Invention of Mexico and Mexicans

The history surrounding the ever-fluctuating borders of the U.S. empire has always depended on two concepts: land and race—two concepts complementing and reinforcing each other through the certainty that the supremacy of those with the “visionary” mind to explore, exploit, and expand the empires’ lands must reign supreme. In the expansion of the land, the unknown wilderness was transformed into the frontier and later reconstituted as The West to rectify the puritan and entrepreneurial spirit of the nation in its violent nineteenth-century expansion. Art historian Kirsten Pai Buick elaborates:

“The concept of “wilderness” did not travel with the Puritans from England but was instead born out of the American wild itself... The wilderness was the home of Indians, witches, as well as the devil. It was disorienting – literally be-“wild”-ering – a space that could turn men of God into the very entities that they were born to contest. Moreover, westward expansion was antithetical to New England conceptions of society as an organism rather than an aggregate made up of individuals whose movement threatened the integrity of the organism. Therefore, Puritans developed the concept of the West to distinguish wilderness (a place where moral and spiritual exercises take place) from frontier (movement away from society for primarily commercial purposes).” 1

By the 1830’s, the frontier was inhabited, not only by Native Americans, but also by “Mexicans” effectively solidifying Anglo-Americans as the race divinely chosen to civilize, and develop the West. More specifically, the period surrounding the so-called Mexican American War, or as it is known in Mexico, The North American Invasion, saw the development of Mexicans as an inferior race. This also constitutes a continuation from the Enlightenment-era rendering of Catholic Spanish peoples as inferior to the Protestant British. Rendering those in the way of colonial expansion as inferior is a tactic of empires. Fueled by the desire to expand the U.S. territories from the Atlantic to the Pacific, and in spite of three hundred years of countless broken treaties with Native Americans, U.S. authorities aimed to expand the concept and territorial boundaries of “The West,” rendering Mexicans as savages and obstacles to the God-sanctioned expansion of the country. In Race and Manifest Destiny, historian Reginald Horsman asserts that:

“In confronting the Mexicans the Americans clearly formulated the idea of themselves as an Anglo-Saxon race….In the 1830s and 1840s, when it became obvious that American and Mexican interests were incompatible and that the Mexicans would suffer, innate weaknesses were found in the Mexicans. Americans, it was argued, were not to be blamed for forcibly taking the northern provinces of Mexico, for Mexicans, like Indians, were unable to make proper use of the land.” 2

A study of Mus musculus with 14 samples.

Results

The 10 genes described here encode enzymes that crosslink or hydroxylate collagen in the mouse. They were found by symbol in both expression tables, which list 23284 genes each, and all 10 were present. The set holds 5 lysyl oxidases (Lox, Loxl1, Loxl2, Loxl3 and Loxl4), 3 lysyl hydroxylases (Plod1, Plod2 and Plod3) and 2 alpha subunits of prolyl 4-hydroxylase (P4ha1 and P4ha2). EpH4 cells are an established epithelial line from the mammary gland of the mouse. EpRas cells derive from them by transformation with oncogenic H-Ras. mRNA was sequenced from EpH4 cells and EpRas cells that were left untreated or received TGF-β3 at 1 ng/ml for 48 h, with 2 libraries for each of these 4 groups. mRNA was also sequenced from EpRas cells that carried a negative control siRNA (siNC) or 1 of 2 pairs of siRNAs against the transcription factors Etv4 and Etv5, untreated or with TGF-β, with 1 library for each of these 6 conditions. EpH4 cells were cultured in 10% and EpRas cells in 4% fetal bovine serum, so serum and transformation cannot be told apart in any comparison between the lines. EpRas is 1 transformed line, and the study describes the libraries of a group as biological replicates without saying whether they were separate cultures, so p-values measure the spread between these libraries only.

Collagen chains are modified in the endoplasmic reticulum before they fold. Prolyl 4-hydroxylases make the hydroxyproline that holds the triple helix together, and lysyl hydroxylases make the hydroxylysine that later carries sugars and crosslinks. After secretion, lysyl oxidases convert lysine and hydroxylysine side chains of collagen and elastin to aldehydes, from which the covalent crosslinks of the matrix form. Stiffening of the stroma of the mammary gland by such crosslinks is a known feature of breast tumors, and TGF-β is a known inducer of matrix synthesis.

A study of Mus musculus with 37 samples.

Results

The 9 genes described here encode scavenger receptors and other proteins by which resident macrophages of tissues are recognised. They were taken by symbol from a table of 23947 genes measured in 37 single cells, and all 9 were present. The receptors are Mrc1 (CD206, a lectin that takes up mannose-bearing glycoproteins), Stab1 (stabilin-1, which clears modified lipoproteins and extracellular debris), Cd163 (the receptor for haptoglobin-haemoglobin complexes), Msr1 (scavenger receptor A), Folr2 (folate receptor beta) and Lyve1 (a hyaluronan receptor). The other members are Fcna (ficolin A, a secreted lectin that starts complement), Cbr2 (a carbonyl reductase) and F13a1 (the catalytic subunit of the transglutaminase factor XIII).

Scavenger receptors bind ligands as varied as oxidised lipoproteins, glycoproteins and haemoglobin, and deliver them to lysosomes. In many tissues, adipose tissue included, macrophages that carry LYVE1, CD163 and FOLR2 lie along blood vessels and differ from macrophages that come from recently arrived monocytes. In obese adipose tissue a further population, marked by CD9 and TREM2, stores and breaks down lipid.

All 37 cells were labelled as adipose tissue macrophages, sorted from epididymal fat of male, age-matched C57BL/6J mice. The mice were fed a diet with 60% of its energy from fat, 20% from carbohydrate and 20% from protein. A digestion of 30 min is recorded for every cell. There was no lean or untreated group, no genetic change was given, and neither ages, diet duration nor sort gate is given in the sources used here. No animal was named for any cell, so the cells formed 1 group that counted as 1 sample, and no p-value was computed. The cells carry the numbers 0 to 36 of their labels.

As such, this guide was created to expand the entanglement of how U.S. and Mexican histories and conflicts engendered the concept of “The Mexican.” From maps before, during and after the North American Invasion; to expedition journals, and illustrations portraying the newly conquered territories of what today constitutes the Southwest, these sources aim to nuance the concepts of the frontier and border in conjunction with the invention of “the Mexican” as a political category that authorized expansion and colonization.

The following resources contextualize the U.S. Government inventions of “The Mexican” as America expands West. With the intent of nuancing the ever-expanding boundaries of the empire from ideas of wilderness toward the ideological articulation of our present political borders.

Prelude to the Mexican American War

This section looks at documents that give context to the events leading to the invasion of Mexico. These documents map the ways in which people from Mexico began to be viewed as the enemy during the U.S. initial attempts to push West.

Louisiana Purchase: Primary Documents in American History

The Louisiana Purchase treaty was ratified by the Senate on October 20, 1803. This guide provides access to digital materials at the Library of Congress, links to related external websites, and a print bibliography.

Invasion of Mexico

Battles such as Palo Alto are seldom mentioned by scholars working on the myth of the border. However, the war tactics and the dissemination of these and other battles throughout the U.S. reveal much of the ways the ideology surrounding the border between the U.S. and Mexico is dependent on these events.

After the War (Maps)

As the U.S. gained so much territory after the U.S. invasion of Mexico, a project of delineating the new borders began. These maps illustrate this project, demonstrating the ever-fluctuating nature of borders and frontiers.

Travelers and Explorers

The definition of a group of people as an “other” to the needs of an expanding empire is dependent on direct experience. As such, the mapping of the borders runs contingent on the ways people perceived the new members of this nation. The reports and map here presented show precisely how the project of othering is dependent on many factions of the U.S. government.


  1. Reginald Horsman, Race and Manifest Destiny: The Origins of American Racial Anglo-Saxonism (Cambridge, Mass.: Harvard University Press, 1981).
  2. Kirsten Pai Buick, Child of the fire : Mary Edmonia Lewis and the problem of art history's Black and Indian subject (Durham, NC: Duke University Press, 2010).